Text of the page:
If you haven’t already, check out my post on 3/11/11, “If You Want a Career in Dog Training There Are Important Concepts to be Learned.” See if you can find the first answer before reading the rest of this post! Then, check out my 3/14/11 post which gives the answer to the first post and asks if you can find the second error.
Ok – here’s a recap of what’s happened and an explanation of the second error. At about 1:15, Jane raises two criteria. Then, at around 2:00 Jane realizes she’s made a mistake and takes action to correct it – I don’t think she knows exactly what she did wrong, but she knows, because of her low rate of reinforcement, that she’s done something wrong. She pats her leg, changes her position, picks up the object, etc., but still asks the dog to pick the object up from the floor and deliver to hand.
During all of this the dog is still in the game – she hasn’t lost him, but he’s confused and frustrated. Finally, at 3:00, she goes back to picking up the object and having the dog take it and drop it. BUT, she has the dog take it 4 times with no reinforcement and doesn’t reinforce him; on the 5th trial, he goes quite a while without taking the object. That time, at 3 minutes and 20 seconds she reinforces the take and drop.
Ideally, Jane would have reinforced the dog when he first targeted the object after she picked it up instead of waiting for something more – get him back in the game and quickly bring him back to the level he was before she raised 2 criteria at once.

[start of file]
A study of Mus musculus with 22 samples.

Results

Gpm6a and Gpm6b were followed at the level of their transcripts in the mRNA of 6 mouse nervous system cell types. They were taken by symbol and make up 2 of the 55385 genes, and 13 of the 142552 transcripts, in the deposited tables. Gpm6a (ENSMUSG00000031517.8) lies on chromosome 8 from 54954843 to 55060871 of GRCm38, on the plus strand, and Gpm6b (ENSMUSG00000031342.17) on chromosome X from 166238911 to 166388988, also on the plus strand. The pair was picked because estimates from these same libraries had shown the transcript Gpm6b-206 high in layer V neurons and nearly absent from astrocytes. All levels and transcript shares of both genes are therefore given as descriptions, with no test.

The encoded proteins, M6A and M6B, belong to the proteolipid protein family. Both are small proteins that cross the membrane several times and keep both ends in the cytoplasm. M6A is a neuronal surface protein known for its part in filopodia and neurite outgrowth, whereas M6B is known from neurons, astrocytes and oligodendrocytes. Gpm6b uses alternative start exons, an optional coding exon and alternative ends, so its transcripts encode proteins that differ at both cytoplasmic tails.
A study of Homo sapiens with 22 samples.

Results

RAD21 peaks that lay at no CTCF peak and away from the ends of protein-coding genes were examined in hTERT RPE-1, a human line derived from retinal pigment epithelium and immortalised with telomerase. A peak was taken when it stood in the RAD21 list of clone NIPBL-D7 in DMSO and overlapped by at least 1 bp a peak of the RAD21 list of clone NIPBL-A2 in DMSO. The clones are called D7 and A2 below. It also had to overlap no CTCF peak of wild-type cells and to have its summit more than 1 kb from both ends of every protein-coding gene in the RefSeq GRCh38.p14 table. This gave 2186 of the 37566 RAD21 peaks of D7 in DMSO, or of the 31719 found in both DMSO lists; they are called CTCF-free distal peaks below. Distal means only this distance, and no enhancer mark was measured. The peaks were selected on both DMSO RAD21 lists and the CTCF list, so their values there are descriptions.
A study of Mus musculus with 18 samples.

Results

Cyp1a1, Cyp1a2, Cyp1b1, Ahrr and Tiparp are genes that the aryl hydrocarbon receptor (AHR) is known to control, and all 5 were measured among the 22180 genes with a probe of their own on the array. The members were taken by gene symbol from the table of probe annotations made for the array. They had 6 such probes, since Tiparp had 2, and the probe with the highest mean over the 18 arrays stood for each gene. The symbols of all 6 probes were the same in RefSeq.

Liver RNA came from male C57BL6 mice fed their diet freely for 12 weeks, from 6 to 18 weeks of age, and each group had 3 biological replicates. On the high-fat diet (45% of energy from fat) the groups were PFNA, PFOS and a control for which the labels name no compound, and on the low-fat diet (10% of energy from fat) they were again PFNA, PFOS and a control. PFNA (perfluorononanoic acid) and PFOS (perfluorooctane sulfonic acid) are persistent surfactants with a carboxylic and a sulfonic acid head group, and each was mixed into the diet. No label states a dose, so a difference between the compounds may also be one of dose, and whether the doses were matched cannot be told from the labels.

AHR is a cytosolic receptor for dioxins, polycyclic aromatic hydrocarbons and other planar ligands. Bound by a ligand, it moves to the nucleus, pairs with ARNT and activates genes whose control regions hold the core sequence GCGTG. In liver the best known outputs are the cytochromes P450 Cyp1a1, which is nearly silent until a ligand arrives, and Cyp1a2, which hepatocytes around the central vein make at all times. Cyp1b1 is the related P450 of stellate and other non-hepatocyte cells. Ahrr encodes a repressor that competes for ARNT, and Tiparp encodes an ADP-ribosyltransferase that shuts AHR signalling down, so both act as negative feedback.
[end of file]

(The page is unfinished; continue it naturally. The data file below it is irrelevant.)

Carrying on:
Jane went 2 minutes and 5 seconds without reinforcing anything, which is a very long time when training a new behavior. She’s lucky she didn’t lose the dog altogether – he’s a willing participant, but simply doesn’t know what to do. She continues with a low rate of reinforcement because she’s waiting for a specific criteria (I’m not sure what it is), and you can see the dog’s behavior become less and less enthusiastic. Finally, at about 4:20, she forgets about her old criteria and backs up to the old criteria – Hurray! She’s realized she needs to get the dog back into the game before she can raise the criteria.
A lot of people would blame this on the dog, saying he’s bored, or he’s deliberately blowing her off; the reality is that the trainer made a fundamental error which she eventually realized and corrected. As Jane continues in her quest to become a professional dog trainer, she will learn, understand and recognize these errors when she, and others, make them. Then she will truly be a professional dog trainer!
If you’d like to learn more about how to become a dog trainer, please visit https://becomeaprofessionaldogtrainer.com.